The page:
In this new article for founders who want to fund their startup with the help of investment funds or private investors, which we are creating with the help of the European co-investment platform SeedBlink, we will discuss topics such as how to prepare for a meeting with investors, how to negotiate and close a deal, and how to continue communicating with the people and institutions that have invested in your startup.

First of all, how do you prepare for a meeting with potential investors and what documents do you bring to a preliminary funding meeting?

What do investors want

There are a few things that every investor - regardless of the amount of money they can offer you - expects.

For example, a concrete plan outlining how you are going to get the startup from point A to point B, a concise pitch deck - the supporting presentation that can help you convince them - and proof that your product has traction - your startup's progress and the momentum it's gaining as it grows.

Depending on the stage of the company's development, you can talk about active users or, as your company has grown, monthly or annual recurring revenue (MRR or ARR).

"During the presentation, it is important to be able to explain in a few words what your product does. A common mistake is to treat investors like customers and present your product as if you are trying to make a business. Investors are people who want to give you the fuel you need to turn the business plan into tangible results, and they expect transparency," representatives from the SeedBlink platform tell us.

Their advice for founders: know the important numbers for the startup and for the market in which it operates. Also, the estimates for the development should be as close to reality as possible and match the potential the startup has in the market segment it operates in.

What happens after the deal is signed

Once you have attracted the attention of investors and received a definite "yes" from them, negotiating and closing financing is a process that can depend on several factors on a case-by-case basis. For example, on the type of investing companies (angel investors, VCs).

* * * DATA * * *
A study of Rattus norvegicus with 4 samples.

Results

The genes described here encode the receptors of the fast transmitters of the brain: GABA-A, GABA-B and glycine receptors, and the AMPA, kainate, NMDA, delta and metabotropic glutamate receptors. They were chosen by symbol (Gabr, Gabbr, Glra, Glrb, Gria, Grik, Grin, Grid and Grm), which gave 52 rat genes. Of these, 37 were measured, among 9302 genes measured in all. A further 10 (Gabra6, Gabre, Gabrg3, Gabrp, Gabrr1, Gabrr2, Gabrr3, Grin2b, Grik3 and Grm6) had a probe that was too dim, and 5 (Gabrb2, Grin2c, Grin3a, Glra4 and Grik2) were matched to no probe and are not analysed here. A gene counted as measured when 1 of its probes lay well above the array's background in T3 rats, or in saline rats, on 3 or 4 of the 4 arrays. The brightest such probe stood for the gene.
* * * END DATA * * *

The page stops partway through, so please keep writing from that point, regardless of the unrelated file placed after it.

Investment funds typically have a structure that they use in all deals and guide founders in closing an investment round, with all of these aspects captured in a term sheet that details the investment and subsequent structure.

"There are countless online resources that can help you with this process, and it is always advisable to hire an attorney to assist you with all legal aspects," recommends the SeedBlink team.

With investment platforms like SeedBlink, the entire process is streamlined and simplified as much as possible. "We have templates for each step to make the process as simple as possible, and we also take care of the legal part for the founders," the platform representatives told us.

Once you start talking to investors, your relationship with them is far from over.

With large sums of money at stake, every investor wants to follow up on what the founder has accomplished with the deck they came to the meetings with, and they want their investment to yield a return.

So as a founder who has received an investment, it is necessary to be as transparent as possible when communicating with investors, but without making communication with them a full-time job.

After all, you need time to do everything you set out to do to take your startup to the next level.

One of the best quotes I have received from an investor regarding the relationship with founders is, "The worst thing an investor can do is waste the founders' time and distract them from their goal - growing the company."

On the list of things to consider when maintaining relationships with investors after you have raised an investment are regular (monthly or quarterly) updates to investors. You need to prepare, in the most transparent way possible, information about the startup's development, milestones reached, problems encountered, and, very importantly, let investors know how they can help you move forward.

"As long as you clearly tell your investors where they can help, 9 times out of 10 they will tell you what they can and cannot do. As a founder, you determine how much help you accept from investors," added representatives of co-investment platform SeedBlink.